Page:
Ahead of the 75th anniversary year of the atomic bombings of Hiroshima and Nagasaki, Pope Francis visited both cities. At a solemn event at the Hiroshima Peace Park in November 2019, Francis declared the use of atomic energy for war to be “a crime not only against the dignity of human beings but against any possible future for our common home.” “How,” he asked, “can we speak of peace even as we build terrifying new weapons of war?”
His comments came nearly 40 years after John Paul II became the first pope to visit the site of the atomic bomb attacks, which pulverized the two cities on Aug. 6 and 9, 1945 and killed in excess of 200,000 in the process.
Deterrence to abolition
During his visit, Francis reiterated what he previously told assembled Nobel Peace Prize laureates, diplomats and civil society representatives at a Vatican symposium in 2017, that nuclear weapons, along with chemical weapons and landmines, were impermissible. “The threat of their use, as well as their very possession, is to be firmly condemned,” he said.
We were at that 2017 symposium – Fr. Christiansen was a participant – and we later co-edited a book of testimonies from that landmark event, titled “A World Free from Nuclear Weapons: The Vatican Conference on Disarmament.”
As scholars who study how the Vatican’s position on nuclear arms has evolved, we see an ongoing role for the Catholic Church in providing moral guidance on the issue. A year after the Cuban Missile Crisis in 1962, during which the U.S. and the Soviet Union came perilously close to nuclear conflict, Pope John XXIII published the encyclical “Pacem in terris” – translated as Peace on Earth – in which he argued for balanced reduction of nuclear weapons leading ultimately to abolition.
In 1965, bishops at Vatican II, while contemplating nuclear war, urged in the pastoral constitution document “Gaudium et spes” – translated as Joy and Hope – that, “Whatever may be the case with deterrence…the arms race…[will not] preserve a sure and authentic peace.”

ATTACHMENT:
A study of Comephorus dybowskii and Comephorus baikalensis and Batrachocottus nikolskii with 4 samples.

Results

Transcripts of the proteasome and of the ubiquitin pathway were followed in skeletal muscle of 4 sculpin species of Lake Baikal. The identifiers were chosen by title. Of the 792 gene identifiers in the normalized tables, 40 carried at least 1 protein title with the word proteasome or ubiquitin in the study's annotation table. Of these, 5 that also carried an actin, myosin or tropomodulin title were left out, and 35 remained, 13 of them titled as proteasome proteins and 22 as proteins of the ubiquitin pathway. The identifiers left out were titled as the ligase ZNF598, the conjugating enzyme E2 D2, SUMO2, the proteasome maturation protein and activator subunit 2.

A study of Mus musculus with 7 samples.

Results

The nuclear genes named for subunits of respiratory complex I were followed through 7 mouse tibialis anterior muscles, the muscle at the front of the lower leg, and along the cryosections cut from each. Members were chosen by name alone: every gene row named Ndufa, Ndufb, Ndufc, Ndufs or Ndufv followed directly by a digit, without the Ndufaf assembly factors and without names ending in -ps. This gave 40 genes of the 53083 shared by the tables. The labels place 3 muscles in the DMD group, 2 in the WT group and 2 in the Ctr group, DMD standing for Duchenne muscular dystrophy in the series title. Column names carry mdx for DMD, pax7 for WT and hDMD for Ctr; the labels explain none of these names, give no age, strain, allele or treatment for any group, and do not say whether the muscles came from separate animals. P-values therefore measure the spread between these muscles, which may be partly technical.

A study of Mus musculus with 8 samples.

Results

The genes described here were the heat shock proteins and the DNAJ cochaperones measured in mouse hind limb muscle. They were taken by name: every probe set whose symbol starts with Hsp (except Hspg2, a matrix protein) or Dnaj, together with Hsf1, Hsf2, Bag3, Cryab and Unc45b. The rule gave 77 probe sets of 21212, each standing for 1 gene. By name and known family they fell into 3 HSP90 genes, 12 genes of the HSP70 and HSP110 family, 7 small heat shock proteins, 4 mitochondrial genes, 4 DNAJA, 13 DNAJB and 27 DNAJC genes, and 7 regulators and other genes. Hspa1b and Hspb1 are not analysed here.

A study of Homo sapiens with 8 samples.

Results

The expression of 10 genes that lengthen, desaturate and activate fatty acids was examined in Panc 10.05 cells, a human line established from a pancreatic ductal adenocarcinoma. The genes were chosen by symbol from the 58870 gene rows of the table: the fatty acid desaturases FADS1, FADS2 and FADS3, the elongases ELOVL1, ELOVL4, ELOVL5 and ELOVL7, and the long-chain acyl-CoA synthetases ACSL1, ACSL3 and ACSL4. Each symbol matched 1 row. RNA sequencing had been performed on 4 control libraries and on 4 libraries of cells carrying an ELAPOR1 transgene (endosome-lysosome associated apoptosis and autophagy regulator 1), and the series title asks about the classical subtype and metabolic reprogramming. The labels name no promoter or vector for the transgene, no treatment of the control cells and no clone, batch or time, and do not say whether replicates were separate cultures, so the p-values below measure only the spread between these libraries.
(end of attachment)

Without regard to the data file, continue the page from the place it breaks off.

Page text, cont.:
Pope John Paul II conditionally accepted deterrence in a 1982 address to the U.N. General Assembly. He wanted abolition and disarmament, but was constrained by the politics and technology of the day. The Cold War was still raging, and the Vatican accepted, albeit reluctantly, nuclear deterrence – the concept of keeping weapons to stop others from using them – rather than outright abolition at that time. Some 30 years later, in a changed global reality, the Vatican foreign minister told the U.N. that deterrence was the chief obstacle to disarmament, setting up the position of the Vatican today.
In 2017, the Holy See became one of the first signers of the U.N. Treaty on the Prohibition of Nuclear Weapons. Article 1 prohibits signers to “develop, test, produce, manufacture, otherwise acquire, possess or stockpile nuclear weapons…” This was the backdrop for Pope Francis’ historic condemnation of deterrence and call for disarmament later that fall.
Continue reading article: https://theconversation.com/75-years-after-hiroshima-and-nagasaki-the-vatican-is-providing-moral-guidance-on-nuclear-weapons-140615#:~:text=But%2075%20years%20on%20from,time%20has%20long%20since%20come.